Worldwide inflows into investment funds fell by more than half in the third quarter – to €230bn, from €596bn during the previous three months – the European Fund and Asset Management Association (EFAMA) said today.
Much of the decline took place in the emerging markets, according to the data, which was compiled by EFAMA, together with the Investment Company Institute on behalf of the International Investment Funds Association.
China, for example, saw a reduction in net inflows into long-term funds of €209bn during Q3, compared with falls of €41bn in the US and €74bn in Europe, respectively. (See chart, below.)
Equity funds led the rout, the EFAMA/ICI data also showed.
In total, assets held in investment funds worldwide declined by 5.9% to €34.9trn at the end of September, from €37.1trn at end of June. (In US dollars, the decline was of 5.7%, to $39.1 trn.)
The figures were compiled from asset management accounts in 46 countries, according to EFAMA, which didn’t formally comment on the findings in its statement. An industry expert noted, however, that international statistics like these typically fluctuate much more than those of a single market, such as Europe.
Other findings of the EFAMA/ICI report:
• Long-term funds – which basically means all funds in the marketplace except for money market funds – recorded net inflows of just €49bn in the third quarter, compared to €616bn in Q2. (Again, the emerging markets were responsible for much of this decline, with China alone accounting for a €296bn fall in outflows, compared with reductions in the US of €116bn and €129bn in Europe.)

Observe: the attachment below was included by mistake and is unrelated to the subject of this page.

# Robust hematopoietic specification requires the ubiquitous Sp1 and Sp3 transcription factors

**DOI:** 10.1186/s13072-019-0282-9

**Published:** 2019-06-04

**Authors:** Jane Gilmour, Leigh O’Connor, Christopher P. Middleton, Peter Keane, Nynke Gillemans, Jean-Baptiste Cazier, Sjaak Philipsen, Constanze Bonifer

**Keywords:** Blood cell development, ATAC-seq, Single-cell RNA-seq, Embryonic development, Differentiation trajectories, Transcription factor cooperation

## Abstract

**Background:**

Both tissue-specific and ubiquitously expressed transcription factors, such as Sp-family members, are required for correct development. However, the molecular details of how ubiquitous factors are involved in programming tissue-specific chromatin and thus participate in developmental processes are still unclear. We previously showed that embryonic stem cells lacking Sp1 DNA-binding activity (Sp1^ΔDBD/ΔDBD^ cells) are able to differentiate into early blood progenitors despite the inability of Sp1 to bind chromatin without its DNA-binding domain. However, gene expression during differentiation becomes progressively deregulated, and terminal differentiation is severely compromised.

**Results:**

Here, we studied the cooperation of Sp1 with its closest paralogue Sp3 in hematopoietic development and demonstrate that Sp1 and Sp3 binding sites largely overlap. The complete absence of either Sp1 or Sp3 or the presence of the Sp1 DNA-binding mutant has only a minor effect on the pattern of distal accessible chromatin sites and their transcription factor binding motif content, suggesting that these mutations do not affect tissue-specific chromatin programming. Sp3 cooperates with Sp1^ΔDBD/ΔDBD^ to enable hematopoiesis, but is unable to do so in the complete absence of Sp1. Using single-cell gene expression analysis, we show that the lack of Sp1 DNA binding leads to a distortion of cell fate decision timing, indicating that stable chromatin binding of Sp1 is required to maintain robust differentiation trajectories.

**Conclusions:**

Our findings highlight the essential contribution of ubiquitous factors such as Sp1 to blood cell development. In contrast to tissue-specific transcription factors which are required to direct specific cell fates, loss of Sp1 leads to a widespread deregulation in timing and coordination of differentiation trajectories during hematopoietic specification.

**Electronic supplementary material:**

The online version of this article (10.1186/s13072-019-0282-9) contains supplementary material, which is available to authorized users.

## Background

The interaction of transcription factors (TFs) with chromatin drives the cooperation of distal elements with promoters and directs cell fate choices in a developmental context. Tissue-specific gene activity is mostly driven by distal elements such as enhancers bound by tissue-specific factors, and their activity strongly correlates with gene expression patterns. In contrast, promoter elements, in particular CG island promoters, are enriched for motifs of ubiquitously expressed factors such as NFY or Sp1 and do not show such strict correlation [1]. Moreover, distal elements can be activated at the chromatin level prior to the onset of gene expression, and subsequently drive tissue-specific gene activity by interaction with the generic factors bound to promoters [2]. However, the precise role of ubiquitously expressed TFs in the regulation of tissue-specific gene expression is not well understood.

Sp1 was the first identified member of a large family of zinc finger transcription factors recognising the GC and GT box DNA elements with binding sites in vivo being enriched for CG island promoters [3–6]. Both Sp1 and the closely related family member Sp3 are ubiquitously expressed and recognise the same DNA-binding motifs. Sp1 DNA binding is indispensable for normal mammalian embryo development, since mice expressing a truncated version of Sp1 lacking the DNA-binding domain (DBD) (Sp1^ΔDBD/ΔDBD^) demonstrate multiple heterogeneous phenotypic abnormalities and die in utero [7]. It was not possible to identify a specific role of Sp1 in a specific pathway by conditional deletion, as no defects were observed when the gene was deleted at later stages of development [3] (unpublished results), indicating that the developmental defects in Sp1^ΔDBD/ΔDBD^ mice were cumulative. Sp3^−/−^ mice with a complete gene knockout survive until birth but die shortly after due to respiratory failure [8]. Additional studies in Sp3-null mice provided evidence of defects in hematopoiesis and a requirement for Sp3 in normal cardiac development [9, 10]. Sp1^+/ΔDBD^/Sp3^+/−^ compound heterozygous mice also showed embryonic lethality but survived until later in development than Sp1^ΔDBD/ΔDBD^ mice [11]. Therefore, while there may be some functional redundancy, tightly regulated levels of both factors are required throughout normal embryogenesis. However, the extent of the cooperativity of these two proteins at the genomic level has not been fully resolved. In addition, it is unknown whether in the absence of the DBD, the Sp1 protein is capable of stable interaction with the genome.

• Equity funds were particularly hard-hit, attracting net inflows in the three months to the end of September of just €79bn, down from €121bn in the second quarter.
• Bond funds posted net outflows of €21bn, less than a fourth of the previous quarter’s net inflows of €101bn.
• Balanced/mixed funds registered net outflows of €34bn, down from net inflows €342bn in the previous quarter.
These changes meant that at the end of the quarter, equity funds accounted for some 39% of global regulated, open-ended fund assets, with bond funds on 21%, balanced funds on 18% and money market funds on 12%. Property funds accounted for some 1.1%, the EFAMA/ICI data show.
By market share, the US (48.4%) and Europe (33.8%) together accounted for more than 80% of total fund assets held globally. Australia (3.7%), Japan (3.2%) and Canada (3%) made up the remaining top five domiciles as of the end of September, according to the EFAMA report.